God-believer or not, you have to admit this story is cool. If you’ve been following our hero (me), you will know that I have been going through difficult life transitions in recent years, having lost my mother and my brother and now preparing to separate for good from my growing-up house.
So I’m over at the empty house the other day, looking behind doors, toeing the dust piles in the corners and opening closets for the twentieth time, looking for . . . what? At some level, I think I’m looking for my brother or my childhood or some cosmic connection to all I’ve lost.
Being a God-person, I pray: “God, I know this is silly, but can you just give me something — anything? Some comfort. Something to show me I’m not alone here.”
Then I chuckle at my “oh ye of little faith” moment. I know God’s with me; “fear not” and all that stuff. Isn’t that enough?
I decide to go up to the attic for the last time in my life. I didn’t go up there before I paid the professionals to clear out the house — too many childhood toys and games and rock collections and moldy stuffed animals that I do not need in my rapidly dwindling fifties. Better I not even see them.
I stoop but bang my head on the eaves anyway, as I always have. The little crescent window where my mother showed me my first baby birds when I was five is now so crammed with old nesting material that almost no light gets in.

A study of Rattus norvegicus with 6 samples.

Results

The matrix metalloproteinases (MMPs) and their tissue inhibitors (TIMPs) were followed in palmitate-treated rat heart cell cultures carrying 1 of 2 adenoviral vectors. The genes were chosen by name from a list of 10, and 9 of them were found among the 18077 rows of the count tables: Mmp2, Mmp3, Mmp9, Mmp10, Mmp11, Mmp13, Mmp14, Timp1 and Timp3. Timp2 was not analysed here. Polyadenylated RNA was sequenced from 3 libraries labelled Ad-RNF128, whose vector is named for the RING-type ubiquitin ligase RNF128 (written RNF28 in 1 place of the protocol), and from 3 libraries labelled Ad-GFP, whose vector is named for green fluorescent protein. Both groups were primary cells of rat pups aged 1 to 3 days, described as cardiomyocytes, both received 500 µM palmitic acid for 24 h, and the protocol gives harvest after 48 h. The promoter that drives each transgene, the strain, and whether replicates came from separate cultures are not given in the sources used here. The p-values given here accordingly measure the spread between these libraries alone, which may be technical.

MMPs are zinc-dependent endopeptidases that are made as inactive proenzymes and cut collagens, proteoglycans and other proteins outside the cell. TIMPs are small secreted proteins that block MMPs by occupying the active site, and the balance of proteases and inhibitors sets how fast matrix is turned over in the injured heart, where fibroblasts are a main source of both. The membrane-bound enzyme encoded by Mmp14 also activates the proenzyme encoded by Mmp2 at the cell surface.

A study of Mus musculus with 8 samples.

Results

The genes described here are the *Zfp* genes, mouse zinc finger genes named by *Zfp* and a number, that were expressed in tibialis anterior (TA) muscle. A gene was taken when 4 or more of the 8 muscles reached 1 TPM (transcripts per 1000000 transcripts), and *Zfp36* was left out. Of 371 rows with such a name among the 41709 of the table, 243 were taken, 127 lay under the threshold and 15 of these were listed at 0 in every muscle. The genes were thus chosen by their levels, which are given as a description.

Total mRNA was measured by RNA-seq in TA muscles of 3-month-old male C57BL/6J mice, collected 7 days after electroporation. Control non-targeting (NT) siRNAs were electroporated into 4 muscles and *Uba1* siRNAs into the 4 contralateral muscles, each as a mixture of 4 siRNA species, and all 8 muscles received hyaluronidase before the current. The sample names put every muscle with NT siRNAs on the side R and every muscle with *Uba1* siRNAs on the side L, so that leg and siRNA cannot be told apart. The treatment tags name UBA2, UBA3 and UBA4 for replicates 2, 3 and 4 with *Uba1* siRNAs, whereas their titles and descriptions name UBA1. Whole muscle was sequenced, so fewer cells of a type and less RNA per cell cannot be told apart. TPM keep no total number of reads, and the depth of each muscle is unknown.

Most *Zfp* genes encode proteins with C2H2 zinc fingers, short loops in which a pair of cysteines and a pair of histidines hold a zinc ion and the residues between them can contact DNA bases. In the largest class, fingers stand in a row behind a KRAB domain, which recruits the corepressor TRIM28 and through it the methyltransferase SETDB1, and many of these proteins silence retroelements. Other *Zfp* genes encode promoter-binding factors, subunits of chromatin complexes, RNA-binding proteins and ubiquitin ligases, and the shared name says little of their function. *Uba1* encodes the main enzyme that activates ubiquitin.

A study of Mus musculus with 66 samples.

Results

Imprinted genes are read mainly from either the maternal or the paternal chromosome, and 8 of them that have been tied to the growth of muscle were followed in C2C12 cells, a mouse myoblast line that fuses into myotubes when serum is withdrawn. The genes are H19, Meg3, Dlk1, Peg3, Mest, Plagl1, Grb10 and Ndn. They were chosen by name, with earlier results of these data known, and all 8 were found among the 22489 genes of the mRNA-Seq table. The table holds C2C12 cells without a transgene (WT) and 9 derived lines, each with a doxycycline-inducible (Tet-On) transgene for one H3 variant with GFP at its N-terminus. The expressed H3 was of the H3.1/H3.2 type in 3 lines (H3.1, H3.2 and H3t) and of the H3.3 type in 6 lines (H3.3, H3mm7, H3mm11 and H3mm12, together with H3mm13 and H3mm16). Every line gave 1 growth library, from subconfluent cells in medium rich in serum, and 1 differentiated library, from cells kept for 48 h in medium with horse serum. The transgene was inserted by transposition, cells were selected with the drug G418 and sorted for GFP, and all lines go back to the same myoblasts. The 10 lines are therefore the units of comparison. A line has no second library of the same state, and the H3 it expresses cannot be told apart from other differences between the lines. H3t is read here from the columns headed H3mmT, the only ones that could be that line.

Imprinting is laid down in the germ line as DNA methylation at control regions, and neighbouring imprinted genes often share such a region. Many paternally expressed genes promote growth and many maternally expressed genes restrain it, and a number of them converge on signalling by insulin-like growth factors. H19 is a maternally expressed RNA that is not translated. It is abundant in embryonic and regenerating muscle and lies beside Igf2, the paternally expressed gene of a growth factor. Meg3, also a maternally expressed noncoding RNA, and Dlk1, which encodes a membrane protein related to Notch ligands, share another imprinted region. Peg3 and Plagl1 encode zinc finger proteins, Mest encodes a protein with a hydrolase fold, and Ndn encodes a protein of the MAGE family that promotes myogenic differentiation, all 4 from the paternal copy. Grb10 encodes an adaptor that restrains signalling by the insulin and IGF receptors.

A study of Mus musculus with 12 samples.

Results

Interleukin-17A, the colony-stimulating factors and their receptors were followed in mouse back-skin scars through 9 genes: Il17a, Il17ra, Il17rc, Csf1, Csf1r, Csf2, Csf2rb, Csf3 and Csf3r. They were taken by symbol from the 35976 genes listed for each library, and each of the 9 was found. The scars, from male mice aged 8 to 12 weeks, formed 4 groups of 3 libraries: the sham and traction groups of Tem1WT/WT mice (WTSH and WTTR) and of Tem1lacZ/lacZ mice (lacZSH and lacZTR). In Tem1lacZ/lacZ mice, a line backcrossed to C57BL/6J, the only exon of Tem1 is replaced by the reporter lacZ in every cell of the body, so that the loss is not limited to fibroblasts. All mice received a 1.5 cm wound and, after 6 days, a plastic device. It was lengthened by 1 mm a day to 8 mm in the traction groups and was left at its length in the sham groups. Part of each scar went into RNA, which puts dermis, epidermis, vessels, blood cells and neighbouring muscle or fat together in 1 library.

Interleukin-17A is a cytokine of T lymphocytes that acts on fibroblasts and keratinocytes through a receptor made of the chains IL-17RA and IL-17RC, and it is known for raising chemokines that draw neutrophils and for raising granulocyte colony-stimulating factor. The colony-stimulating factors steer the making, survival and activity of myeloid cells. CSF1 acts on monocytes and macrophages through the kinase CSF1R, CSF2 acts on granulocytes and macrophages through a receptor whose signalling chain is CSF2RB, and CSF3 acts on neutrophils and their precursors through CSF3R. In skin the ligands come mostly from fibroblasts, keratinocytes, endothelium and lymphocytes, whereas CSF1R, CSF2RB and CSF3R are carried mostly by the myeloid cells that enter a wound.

Marauding squirrels have apparently broken through the barrier of concrete blocks and old license plates I erected several years ago, and there’s Pepto-Bismol-pink insulation scattered everywhere. Otherwise, the attic is empty.
“Anything?” I say to God again. “A scrap of paper?” (For real. I said that.)
And then I see a scrap of paper. It’s peeking out from under a tuft of insulation. I don’t want to pick it up because I don’t want to be disappointed, but I do anyway.
It’s folded about two inches square, a delicate tatter with a faded floral print. I open it carefully, and here’s what I read:
“To a very dear little daughter — hoping that this Eastertide marks the beginning of the happiness her sweet unselfishness should bring her — Mom”
Might I remind you that this is Easter week.
The writing is my grandmother’s. My mother saved this precious piece of paper her whole life.
And now it is made even more precious, as the Easter message of sacrificial love, joy, and freedom passes on to another generation.